Dr. Jacqueline Stone: Today I am joined by Dr. Connie Smith-Hicks, program director of Kennedy Krieger Institute’s Rett Syndrome Clinic.
Dr. Connie Smith-Hicks: No parent ever wants to bury a child. But one winter several years ago, Liz’s greatest fear became a reality. Her daughter, Tori, died from complications related to rett syndrome. Rett syndrome is a devastating disorder that generally affects girls and often catches parents off guard when they’re typically developing infant or toddler, loses skills they once had or stops gaining them.
It was at this time that we met Tori. She was a young child who lost her ability to walk, talk, eat and use her hands. Despite lacking these abilities that we take for granted, Tori was a joy to be around. She would gaze at objects that she wanted and while in clinic, she would go look at the door when she thought that the visit should be over. Or, she would use her head to tap switches to answer simple yes or no questions. Tori loved music and people. Most of all, she loved her siblings and she was an integral part of her family. Caring for Tori was a major focus of Liz’s life and that focus did not stop with the day to day activities. In fact, Liz serves as a volunteer in Maryland family empowerment representative for Rett syndrome organization. She’s alerted when a new child is diagnosed and she connects with the families to support them in their journey.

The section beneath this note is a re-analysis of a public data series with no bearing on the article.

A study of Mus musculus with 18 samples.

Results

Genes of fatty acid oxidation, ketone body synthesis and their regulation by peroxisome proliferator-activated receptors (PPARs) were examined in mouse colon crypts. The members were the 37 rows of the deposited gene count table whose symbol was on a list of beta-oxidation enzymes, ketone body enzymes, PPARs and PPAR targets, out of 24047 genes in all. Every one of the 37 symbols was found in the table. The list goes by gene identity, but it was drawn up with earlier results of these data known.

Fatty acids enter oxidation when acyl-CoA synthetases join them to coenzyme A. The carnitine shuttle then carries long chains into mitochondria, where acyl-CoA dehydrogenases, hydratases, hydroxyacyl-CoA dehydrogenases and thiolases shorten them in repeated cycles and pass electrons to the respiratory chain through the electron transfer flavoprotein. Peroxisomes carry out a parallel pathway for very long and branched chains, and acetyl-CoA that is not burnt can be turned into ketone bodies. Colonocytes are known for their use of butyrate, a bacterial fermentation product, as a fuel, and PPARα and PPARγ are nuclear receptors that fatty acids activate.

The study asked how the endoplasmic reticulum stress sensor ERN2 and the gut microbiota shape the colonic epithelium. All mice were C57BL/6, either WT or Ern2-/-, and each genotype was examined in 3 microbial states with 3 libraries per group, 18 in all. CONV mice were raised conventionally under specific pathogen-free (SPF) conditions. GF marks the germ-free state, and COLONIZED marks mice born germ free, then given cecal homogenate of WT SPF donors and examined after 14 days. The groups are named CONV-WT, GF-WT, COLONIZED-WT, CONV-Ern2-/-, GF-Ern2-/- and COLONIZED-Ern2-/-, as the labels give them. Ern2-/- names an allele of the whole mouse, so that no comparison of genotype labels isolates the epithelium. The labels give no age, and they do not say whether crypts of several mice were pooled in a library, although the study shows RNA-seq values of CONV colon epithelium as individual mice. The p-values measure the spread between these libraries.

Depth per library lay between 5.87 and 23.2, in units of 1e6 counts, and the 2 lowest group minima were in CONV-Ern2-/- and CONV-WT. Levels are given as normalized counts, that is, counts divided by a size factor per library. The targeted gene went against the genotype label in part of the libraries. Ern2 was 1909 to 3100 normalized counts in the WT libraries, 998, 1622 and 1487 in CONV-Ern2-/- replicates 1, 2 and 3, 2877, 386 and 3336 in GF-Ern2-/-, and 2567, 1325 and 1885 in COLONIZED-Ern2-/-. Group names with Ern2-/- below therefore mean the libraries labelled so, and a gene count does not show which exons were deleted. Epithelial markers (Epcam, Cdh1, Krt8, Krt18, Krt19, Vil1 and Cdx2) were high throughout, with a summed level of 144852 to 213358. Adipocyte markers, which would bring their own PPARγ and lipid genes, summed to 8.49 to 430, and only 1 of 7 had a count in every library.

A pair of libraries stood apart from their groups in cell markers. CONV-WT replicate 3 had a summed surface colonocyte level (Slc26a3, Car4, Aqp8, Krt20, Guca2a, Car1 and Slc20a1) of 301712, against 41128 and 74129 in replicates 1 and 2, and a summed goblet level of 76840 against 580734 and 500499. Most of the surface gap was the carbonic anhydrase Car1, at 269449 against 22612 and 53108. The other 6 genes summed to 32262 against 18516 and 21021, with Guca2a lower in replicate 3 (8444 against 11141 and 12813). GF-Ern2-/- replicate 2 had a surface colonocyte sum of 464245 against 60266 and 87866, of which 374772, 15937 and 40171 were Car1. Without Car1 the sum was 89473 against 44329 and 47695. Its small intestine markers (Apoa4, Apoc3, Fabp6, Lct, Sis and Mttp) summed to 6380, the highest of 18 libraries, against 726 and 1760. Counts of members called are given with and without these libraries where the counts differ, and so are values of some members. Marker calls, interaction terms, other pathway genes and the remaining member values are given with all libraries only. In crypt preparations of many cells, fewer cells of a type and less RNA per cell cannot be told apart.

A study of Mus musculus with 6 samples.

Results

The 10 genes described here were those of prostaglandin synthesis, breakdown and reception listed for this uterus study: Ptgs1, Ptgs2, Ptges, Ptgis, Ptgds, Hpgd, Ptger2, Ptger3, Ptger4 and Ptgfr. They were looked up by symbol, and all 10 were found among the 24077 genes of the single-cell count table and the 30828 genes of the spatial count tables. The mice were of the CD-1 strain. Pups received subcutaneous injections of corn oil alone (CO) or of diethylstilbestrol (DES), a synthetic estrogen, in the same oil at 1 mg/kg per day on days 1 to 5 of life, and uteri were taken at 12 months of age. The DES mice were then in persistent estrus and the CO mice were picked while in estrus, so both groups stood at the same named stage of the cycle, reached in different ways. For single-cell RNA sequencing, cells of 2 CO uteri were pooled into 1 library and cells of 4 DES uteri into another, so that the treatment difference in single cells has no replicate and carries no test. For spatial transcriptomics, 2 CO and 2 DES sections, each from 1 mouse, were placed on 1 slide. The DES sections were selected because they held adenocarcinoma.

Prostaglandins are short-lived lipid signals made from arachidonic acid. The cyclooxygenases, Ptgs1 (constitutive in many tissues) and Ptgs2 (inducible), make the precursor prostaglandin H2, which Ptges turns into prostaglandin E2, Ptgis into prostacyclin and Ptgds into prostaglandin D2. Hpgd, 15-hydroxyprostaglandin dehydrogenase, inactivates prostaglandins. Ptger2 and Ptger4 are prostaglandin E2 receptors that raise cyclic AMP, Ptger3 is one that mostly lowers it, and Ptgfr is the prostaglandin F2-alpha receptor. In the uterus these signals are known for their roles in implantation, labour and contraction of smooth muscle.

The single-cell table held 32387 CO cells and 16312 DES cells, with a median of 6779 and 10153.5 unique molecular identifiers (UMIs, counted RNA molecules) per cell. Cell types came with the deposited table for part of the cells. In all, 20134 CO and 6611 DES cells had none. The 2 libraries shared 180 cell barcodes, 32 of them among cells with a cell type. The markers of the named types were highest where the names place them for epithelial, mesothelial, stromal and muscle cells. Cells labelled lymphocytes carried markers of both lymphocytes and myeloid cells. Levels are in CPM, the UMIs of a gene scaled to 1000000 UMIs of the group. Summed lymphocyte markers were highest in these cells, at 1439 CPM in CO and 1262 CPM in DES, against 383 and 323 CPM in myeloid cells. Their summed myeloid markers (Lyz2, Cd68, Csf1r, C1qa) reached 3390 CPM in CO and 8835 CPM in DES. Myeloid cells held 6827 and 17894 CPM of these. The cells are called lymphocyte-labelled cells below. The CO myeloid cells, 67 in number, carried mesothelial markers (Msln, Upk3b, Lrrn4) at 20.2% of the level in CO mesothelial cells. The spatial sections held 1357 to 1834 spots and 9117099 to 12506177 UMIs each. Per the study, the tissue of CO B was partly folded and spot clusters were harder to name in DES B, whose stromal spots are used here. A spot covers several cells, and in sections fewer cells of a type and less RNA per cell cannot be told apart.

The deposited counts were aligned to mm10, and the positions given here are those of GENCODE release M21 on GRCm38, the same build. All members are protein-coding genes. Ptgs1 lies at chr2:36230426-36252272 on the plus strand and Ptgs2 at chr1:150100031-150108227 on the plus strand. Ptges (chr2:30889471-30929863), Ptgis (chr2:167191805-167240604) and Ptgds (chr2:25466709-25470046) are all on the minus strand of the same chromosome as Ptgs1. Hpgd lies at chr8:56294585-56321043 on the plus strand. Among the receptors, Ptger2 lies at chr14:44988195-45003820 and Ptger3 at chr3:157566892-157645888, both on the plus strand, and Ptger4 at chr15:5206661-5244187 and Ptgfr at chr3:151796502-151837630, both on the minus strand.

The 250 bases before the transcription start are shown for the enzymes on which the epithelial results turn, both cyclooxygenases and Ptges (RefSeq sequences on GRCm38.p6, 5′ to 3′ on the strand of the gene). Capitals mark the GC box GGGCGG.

With Tori’s passing, one might expect that Liz would have stepped down from her position and find something to do that was less painful. That wasn’t her choice. Instead she continues to support families of children with Rett syndrome by serving as an aid to another child with rett. Liz inspires us at the Kennedy Krieger Institute to continue our research, working daily towards more effective treatments with hope for a cure. Her commitment is remarkable and is a marvelous way of honoring Tori’s life and continuing her memory.
Dr. Jacqueline Stone: Inspiring Moments is produced for WYPR by Kennedy Krieger Institute. I am Dr. Jacqueline Stone.